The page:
Speicher preps for Operation Clean Sweep
October 31, 2009
CONTINGENCY OPERATING LOCATION SPEICHER, TIKRIT, Iraq - Soldiers with the 13th Sustainment Command (Expeditionary) prepared for Operation Clean Sweep, set to begin the first week of November at Contingency Operating Location Speicher, Iraq.
Operation Clean Sweep is an Army-wide initiative to turn in, repair, and redistribute supply items to best serve the needs of the Army.
As Multi-National Force-Iraq prepares for and executes the drawdown and relocation of equipment and personnel, Operation Clean Sweep facilitates the drawdown by identifying excess equipment and providing resources to rid units of their excess, said Maj. Jack Kredo, support operations officer, 267th Combat Sustainment Support Battalion, 15th Sustainment Brigade, 13th ESC.
"Units will bring in their excess, whether it's in trucks or containers, it will be classified, shipped to Kuwait for onward movement to Afghanistan or back to the U.S. or transported to a warehouse for redistribution here in Iraq," said Kredo, a Colorado Springs, Colo., native.
As the scheduled January elections near, MNF-I units are moving toward the drawdown while continuing to engage with their Iraqi counterparts.
While the majority of more than 130,000 troops and more than 100,000 contractors are scheduled to be out of Iraq by fall,2010, the roughly 50,000 remaining personnel will require ongoing sustainment support, which will be provided in large part by units of the 13th ESC.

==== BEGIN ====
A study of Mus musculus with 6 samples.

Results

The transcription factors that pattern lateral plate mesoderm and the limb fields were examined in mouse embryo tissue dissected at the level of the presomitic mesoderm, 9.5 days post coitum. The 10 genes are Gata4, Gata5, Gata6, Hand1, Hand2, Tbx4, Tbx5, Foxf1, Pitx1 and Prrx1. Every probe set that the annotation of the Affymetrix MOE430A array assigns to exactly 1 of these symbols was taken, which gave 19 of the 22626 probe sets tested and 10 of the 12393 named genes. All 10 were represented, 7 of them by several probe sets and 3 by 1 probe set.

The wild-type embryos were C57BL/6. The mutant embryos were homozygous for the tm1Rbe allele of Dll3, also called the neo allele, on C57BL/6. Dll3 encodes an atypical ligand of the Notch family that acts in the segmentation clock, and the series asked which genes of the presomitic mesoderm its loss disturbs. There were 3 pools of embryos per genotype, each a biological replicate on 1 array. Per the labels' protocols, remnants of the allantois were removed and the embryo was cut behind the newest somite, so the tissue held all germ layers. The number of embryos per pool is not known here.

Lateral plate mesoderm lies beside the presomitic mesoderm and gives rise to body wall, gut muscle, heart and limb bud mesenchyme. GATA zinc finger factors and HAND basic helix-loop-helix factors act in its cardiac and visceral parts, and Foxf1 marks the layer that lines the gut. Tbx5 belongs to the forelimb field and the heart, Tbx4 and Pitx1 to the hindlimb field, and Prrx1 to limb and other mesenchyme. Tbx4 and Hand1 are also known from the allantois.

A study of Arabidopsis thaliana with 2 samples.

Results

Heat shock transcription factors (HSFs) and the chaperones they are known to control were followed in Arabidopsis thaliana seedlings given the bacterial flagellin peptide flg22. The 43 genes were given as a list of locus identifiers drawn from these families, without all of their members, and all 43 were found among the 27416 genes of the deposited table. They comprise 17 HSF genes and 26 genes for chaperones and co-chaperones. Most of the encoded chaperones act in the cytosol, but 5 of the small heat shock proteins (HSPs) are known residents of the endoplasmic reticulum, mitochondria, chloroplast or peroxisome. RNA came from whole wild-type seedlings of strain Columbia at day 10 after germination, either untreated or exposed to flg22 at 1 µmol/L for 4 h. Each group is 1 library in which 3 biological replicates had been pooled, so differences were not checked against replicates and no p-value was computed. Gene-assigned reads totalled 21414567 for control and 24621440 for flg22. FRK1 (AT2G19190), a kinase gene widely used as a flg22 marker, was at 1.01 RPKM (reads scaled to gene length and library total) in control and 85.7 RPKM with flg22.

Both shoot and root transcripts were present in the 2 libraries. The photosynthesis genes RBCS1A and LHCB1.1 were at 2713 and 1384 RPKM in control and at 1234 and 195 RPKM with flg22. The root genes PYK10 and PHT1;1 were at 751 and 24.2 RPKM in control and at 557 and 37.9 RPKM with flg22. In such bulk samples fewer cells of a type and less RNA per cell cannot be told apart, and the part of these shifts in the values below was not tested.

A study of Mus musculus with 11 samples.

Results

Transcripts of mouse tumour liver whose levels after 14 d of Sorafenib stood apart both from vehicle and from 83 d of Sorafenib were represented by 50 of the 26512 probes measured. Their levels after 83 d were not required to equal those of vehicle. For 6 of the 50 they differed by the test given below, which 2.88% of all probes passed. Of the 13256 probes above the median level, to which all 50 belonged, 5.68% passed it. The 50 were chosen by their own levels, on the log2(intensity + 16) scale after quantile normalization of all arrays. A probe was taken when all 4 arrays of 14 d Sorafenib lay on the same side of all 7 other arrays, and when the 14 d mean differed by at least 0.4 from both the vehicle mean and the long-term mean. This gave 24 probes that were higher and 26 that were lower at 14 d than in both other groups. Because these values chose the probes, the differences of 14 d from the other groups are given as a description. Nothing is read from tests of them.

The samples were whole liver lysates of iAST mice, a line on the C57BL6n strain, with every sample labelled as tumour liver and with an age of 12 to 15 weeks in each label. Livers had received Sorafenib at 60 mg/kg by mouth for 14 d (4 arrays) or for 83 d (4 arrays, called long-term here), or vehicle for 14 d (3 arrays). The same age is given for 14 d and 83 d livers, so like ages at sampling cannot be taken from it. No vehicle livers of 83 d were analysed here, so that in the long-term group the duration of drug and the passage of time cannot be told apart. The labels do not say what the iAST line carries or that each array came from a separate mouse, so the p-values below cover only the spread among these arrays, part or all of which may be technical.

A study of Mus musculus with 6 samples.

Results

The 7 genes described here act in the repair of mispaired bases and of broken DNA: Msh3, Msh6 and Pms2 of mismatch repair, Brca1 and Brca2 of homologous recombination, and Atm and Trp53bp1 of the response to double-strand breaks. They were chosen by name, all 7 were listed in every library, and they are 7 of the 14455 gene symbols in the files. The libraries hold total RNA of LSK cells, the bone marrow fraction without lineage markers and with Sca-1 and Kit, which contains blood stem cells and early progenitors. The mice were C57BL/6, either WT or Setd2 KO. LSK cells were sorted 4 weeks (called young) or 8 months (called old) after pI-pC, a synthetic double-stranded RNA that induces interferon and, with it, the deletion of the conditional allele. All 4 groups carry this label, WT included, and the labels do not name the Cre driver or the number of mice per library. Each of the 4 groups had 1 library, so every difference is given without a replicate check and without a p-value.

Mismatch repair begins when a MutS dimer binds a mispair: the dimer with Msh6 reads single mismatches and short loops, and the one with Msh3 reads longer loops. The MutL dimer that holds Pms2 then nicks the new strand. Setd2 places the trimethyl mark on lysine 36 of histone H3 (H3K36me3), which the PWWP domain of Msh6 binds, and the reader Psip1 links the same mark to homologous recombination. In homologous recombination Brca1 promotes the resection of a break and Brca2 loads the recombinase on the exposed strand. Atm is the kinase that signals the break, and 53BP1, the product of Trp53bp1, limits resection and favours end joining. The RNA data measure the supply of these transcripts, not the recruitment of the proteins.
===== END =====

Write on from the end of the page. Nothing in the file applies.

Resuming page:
"These guys are setting conditions," said Col. Larry Phelps, commander of the 15th Sust. Bde., 13th ESC. "We're pretty excited about this."
The coordinators anticipate the receipt of a lot of excess, but they are hoping to mitigate this by assisting units with the identification and turn in process, said Kredo.
Other units at COL Speicher will also be involved in Operation Clean Sweep.
The 1st Squadron, 82nd Cavalry, 41st Infantry Brigade Combat Team, 13th ESC, has already begun the turn-in process in preparation for Operation Clean Sweep.
Though the squadron has already identified and submitted $6.3 million of excess, they expect to turn in an additional $10 million in the course of the coming weeks, with the end result of the operation reaching $60 million of excess equipment identified and turned in, said Capt. Marty Walton, logistics officer and a Peace Valley, Miss., native.